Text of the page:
The Non–Inverting Buffer

We now spend some time investigating useful circuit elements
that do not directly implement Boolean functions.

The first element is the non–inverting buffer.

This is logically equivalent to two NOT gates in a row.

There are engineering differences between the two, most notably that the
non–inverting buffer delays the signal less than a chain of two NOT gates.

This is best considered a “voltage adjuster”.

A logic 1 (voltage in the range 2.0 – 5.0 volts) will be output as 5.0 volts.
A logic 0 (voltage in the range 0.0 – 0.8 volts) will be output as 0.0 volts.

Gate Delays

The output of a circuit element does not change instantaneously with the input, but only after a delay time during which the circuit processes the signal.

This delay interval, called “gate delay” is about 10 nanoseconds for most simple TTL circuits and about 25 nanoseconds for TTL Flip–Flops.

The simplest example is the NOT gate.

Here is a trace of the input and output.  Note that the output does not reflect the input until one gate delay after the input changes.

For one gate delay time we have both X = 1 and Y = 1.

Delay Circuits

For some advanced designs, it is desirable to delay a signal by a fixed amount.

One simple circuit to achieve this effect is based on the Boolean identity.

A circuit to implement this delay might appear as follows.

Here is the time trace of the input and output.


The Pulse Generator

This circuit represents one important application of the gate delay principle.
We shall present this circuit now and use it when we develop flip–flops.

This circuit, which I call a “pulse generator”, is based on the Boolean identity.

Here is the circuit

Here is a time plot of the circuit’s behavior.

The pulse is due to the fact that for 1 gate delay, we have both X = 1 and Y = 1.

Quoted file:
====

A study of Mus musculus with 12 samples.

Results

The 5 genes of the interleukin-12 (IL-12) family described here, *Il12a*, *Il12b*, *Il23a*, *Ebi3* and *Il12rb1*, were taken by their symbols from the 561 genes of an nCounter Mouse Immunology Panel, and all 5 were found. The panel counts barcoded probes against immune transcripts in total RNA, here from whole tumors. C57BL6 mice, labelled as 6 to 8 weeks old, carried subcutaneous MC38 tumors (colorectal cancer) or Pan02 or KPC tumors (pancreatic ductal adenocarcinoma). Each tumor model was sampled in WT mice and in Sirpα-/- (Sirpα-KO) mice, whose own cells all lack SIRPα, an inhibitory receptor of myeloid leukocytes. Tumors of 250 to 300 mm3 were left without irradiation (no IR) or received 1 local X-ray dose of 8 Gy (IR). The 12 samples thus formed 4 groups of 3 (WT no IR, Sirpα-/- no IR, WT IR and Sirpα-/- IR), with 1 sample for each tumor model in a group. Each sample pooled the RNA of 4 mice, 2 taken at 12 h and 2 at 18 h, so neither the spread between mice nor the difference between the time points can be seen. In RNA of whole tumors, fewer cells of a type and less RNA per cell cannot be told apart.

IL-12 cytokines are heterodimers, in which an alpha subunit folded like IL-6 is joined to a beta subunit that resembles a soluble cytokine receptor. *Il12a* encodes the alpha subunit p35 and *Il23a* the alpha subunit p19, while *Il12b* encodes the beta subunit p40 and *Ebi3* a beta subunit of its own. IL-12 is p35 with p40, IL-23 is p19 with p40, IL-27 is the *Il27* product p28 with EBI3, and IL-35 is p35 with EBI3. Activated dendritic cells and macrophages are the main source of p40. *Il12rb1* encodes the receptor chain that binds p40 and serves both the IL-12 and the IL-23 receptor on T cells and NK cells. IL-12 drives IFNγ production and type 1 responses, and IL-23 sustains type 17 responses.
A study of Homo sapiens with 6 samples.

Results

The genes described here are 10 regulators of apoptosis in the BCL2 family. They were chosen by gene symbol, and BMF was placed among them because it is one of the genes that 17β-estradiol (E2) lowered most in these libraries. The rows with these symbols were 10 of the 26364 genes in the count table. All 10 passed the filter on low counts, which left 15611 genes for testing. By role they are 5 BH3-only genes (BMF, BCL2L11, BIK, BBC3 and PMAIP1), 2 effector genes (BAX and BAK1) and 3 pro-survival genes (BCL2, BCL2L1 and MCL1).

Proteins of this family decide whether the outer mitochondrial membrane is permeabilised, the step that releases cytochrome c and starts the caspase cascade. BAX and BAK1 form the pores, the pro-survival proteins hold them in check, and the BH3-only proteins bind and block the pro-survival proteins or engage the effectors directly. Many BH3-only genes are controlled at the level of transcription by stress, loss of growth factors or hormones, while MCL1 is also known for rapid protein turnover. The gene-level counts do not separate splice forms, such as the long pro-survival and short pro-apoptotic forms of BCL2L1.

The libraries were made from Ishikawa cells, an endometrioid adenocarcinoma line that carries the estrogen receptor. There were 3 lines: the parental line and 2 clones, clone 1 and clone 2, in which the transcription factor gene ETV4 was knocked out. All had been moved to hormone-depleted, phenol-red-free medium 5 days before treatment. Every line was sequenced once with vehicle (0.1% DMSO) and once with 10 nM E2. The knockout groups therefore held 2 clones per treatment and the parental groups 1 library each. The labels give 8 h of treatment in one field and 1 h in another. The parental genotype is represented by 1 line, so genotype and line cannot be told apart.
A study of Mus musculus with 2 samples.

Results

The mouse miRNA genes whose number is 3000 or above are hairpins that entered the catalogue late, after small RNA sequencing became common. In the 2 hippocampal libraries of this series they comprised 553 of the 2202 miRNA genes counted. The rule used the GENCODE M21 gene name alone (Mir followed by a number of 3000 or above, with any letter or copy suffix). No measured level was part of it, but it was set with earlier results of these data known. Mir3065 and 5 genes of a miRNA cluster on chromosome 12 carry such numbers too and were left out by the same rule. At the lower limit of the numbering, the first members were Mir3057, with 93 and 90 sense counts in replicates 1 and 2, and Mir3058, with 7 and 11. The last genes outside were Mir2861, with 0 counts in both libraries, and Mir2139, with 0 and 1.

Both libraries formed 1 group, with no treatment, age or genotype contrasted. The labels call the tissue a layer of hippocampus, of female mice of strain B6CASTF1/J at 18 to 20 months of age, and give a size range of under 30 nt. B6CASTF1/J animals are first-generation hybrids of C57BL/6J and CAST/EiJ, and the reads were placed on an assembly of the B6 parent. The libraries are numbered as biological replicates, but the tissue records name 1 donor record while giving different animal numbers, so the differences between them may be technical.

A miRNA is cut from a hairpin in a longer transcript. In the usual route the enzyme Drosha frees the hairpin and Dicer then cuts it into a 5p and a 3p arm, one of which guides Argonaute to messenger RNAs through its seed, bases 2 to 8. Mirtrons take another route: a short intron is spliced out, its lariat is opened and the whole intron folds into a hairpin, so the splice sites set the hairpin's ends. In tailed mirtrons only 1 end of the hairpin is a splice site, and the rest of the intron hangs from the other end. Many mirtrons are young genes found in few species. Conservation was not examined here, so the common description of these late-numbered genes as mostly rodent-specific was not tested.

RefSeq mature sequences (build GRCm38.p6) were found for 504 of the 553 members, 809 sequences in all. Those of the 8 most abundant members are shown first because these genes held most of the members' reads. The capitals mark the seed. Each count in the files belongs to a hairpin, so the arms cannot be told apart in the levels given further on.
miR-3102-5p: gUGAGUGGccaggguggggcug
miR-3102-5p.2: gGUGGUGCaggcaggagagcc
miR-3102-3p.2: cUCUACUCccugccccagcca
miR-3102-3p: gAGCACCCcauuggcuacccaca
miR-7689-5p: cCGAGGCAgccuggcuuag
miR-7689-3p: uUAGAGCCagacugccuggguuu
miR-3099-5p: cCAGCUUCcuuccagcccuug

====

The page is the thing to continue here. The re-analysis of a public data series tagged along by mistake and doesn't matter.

This is the time it takes the NOT gate to respond to its input and change Y.

The Tri–State Buffer

Some time ago, we considered relays as automatic switches.
The tri–state buffer is also an automatic switch.

Here are the diagrams for two of the four most popular tri–state buffers.

An enabled–low buffer is the same as an enabled–high buffer with a NOT gate.

What does a tri–state buffer do when it is enabled?
What does a tri–state buffer do when it is not enabled?
What is this third state implied by the name “tri–state”?

An Enabled–High Tri–State Buffer

Consider an enabled–high tri–state buffer, with the enable signal called “C”.
       When C = 1, the buffer is enabled.
       When C = 0, the buffer is not enabled.

What does the buffer do?

The buffer should be considered a switch.  When C = 0, there is no connection between the input A and the output F.  When C = 1, the output F is connected to the input A via what appears to be a non–inverting buffer.

Strictly speaking, when C = 0 the output F remains connected to input A, but through a circuit that offers very high resistance to the flow of electricity.  For this reason, the state is often called “high impedance”, “impedance” being an engineer’s word for “resistance”.


What is This Third State?

Consider a light attached to a battery.  We specify the battery as 5 volts,
due only to the fact that this course is focused on TTL circuitry.

                 0 volts to lamp         Third state                 5 volts to lamp

When the switch is closed and the lamp is connected to the battery, there
is a voltage of +5 volts on one side, 0 volts on the other, and the lamp is on.

In the case at left, both sides of the lamp are connected to 0 volts.
Obviously, it does nothing.

The middle diagram shows the third state.  The top part of the lamp is not directly connected to either 0 volts or 5 volts.

In this third state, the lamp is not illuminated as there is no power to it.
This is similar to the state in which the top is set to 0 volts, but not the same.

Understanding Tri–State Buffers

The best way to understand a tri–state buffer is to consider this circuit.

When C = 0        The top buffer is outputting the value of A (logic 0 or logic 1)
                           The bottom tri–state buffer is not active.
                           F = A

When C = 1        The top tri–state buffer is not active.
                           The bottom buffer is outputting the value of B.
                           F = B

Due to the arrangement, exactly one tri–state buffer is active at any time.

We shall use tri–state buffers to attach circuit elements to a common bus,
and trust the control circuitry to activate at most one buffer at a time.